Estate tax filing requirements change frequently and were on a graduated increasing scale until 2010. For taxpayers who died in 2010, the estate tax had a one-year sunset provision with no estate tax due. Part of what is known as the Bush-era tax cuts, Congress recently expanded these tax cuts for two more years. At the end of the two-year period, Congress will re-address the estate tax amounts and determine if they should be discontinued, modified or allowed to stay in place.
Deceased Taxpayers Prior to 2010
Taxpayers who died prior to the estate tax sunset provision in 2010 have a graduated scale for which estate tax is due that depends on the year of death. For 2004 and 2005, a taxpayer owes tax if the estate is more than $1,500,000. The taxable amount for years 2006 through 2008 is $2,000,000 and $3,500,000 for 2009. The amount of tax due calculates on the amount the estate is over the exclusion limits.
Taxpayers who died in 2010 have no estate tax due regardless of the amount of the estate. There are peculiar rules regarding allocation of cost basis and other items in 2010, so the Internal Revenue Service allows that the personal representative of an estate may elect to operate under either 2010 or 2011 rules for decedents who died in 2010. Regardless of whether the personal representative uses 2010 or 2011 rules, there is still no estate tax due. Electing 2011 rules has proved to be more favorable in most 2010 estates, and the paperwork requirements are less cumbersome.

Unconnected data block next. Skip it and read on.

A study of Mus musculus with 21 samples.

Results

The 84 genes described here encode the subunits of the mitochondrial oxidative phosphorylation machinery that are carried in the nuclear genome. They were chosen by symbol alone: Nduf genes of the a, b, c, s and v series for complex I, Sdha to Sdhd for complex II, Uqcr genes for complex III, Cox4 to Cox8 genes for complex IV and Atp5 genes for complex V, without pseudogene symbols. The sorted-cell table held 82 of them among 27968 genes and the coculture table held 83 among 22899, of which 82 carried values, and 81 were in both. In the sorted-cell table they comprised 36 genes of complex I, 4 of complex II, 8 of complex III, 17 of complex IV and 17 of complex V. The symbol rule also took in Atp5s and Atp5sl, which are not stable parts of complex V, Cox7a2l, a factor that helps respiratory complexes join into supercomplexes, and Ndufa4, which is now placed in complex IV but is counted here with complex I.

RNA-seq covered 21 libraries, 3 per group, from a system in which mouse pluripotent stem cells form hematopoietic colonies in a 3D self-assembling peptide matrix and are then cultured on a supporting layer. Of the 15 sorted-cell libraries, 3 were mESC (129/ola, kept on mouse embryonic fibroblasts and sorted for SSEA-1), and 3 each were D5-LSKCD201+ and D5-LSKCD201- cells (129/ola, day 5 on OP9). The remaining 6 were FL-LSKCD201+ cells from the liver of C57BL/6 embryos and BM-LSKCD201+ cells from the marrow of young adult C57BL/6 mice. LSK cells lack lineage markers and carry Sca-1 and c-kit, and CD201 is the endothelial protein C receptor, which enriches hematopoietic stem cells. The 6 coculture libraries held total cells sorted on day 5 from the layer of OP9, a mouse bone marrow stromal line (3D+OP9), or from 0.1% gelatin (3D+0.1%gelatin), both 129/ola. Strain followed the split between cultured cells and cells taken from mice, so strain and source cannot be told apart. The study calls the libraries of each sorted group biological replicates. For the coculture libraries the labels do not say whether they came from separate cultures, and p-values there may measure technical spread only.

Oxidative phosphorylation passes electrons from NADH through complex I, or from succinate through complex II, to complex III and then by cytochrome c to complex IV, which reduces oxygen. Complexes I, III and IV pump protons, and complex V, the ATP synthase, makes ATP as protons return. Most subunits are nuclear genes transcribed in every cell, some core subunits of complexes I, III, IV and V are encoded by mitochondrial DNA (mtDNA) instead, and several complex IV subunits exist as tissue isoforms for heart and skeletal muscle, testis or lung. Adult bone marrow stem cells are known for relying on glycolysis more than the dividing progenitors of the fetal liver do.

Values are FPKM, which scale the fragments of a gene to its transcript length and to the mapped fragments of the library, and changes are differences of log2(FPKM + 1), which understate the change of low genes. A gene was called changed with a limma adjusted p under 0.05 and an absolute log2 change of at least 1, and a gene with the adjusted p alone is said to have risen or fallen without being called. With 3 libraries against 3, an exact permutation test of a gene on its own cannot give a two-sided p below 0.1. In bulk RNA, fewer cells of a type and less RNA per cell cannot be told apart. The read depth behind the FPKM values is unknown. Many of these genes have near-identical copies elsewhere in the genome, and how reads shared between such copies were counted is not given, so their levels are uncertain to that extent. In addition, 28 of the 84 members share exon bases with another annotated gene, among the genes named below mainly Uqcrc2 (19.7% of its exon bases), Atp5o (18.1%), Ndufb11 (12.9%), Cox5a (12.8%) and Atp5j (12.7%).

Congress elected to keep the Bush-era tax cuts in place until 2013, which leaves the taxable estate amount at $5,000,000 for taxpayers who die between 2011 and 2013. Congress will re-address the law in 2013 for future procedures. Tax due on estates for 2011 to 2013 starts at amounts over $5 million based on the graduated scale tax tables. For example, an estate of $7.5 million owes tax only on the $2.5 million, which computes to $1,025,800 tax due.
Seek Professional Advice
Estate tax rules and regulations are among the most complex in the Internal Revenue Code. The law regarding estate tax constantly changes, and it is difficult to stay current with all of the changes. It is not advisable for a person to attempt to file estate tax returns without seeking the advice of a tax professional experienced in estate tax given the frequent changes to the Internal Revenue Code.
Mary Frazier began writing in 2011 for various websites and has over 20 years of experience as a bank vice president and senior trust officer. Frazier is a Certified Trust and Financial Advisor, holds a Bachelor of Arts in economics from the University of North Florida and holds a Master of Science in finance from the College for Financial Planning.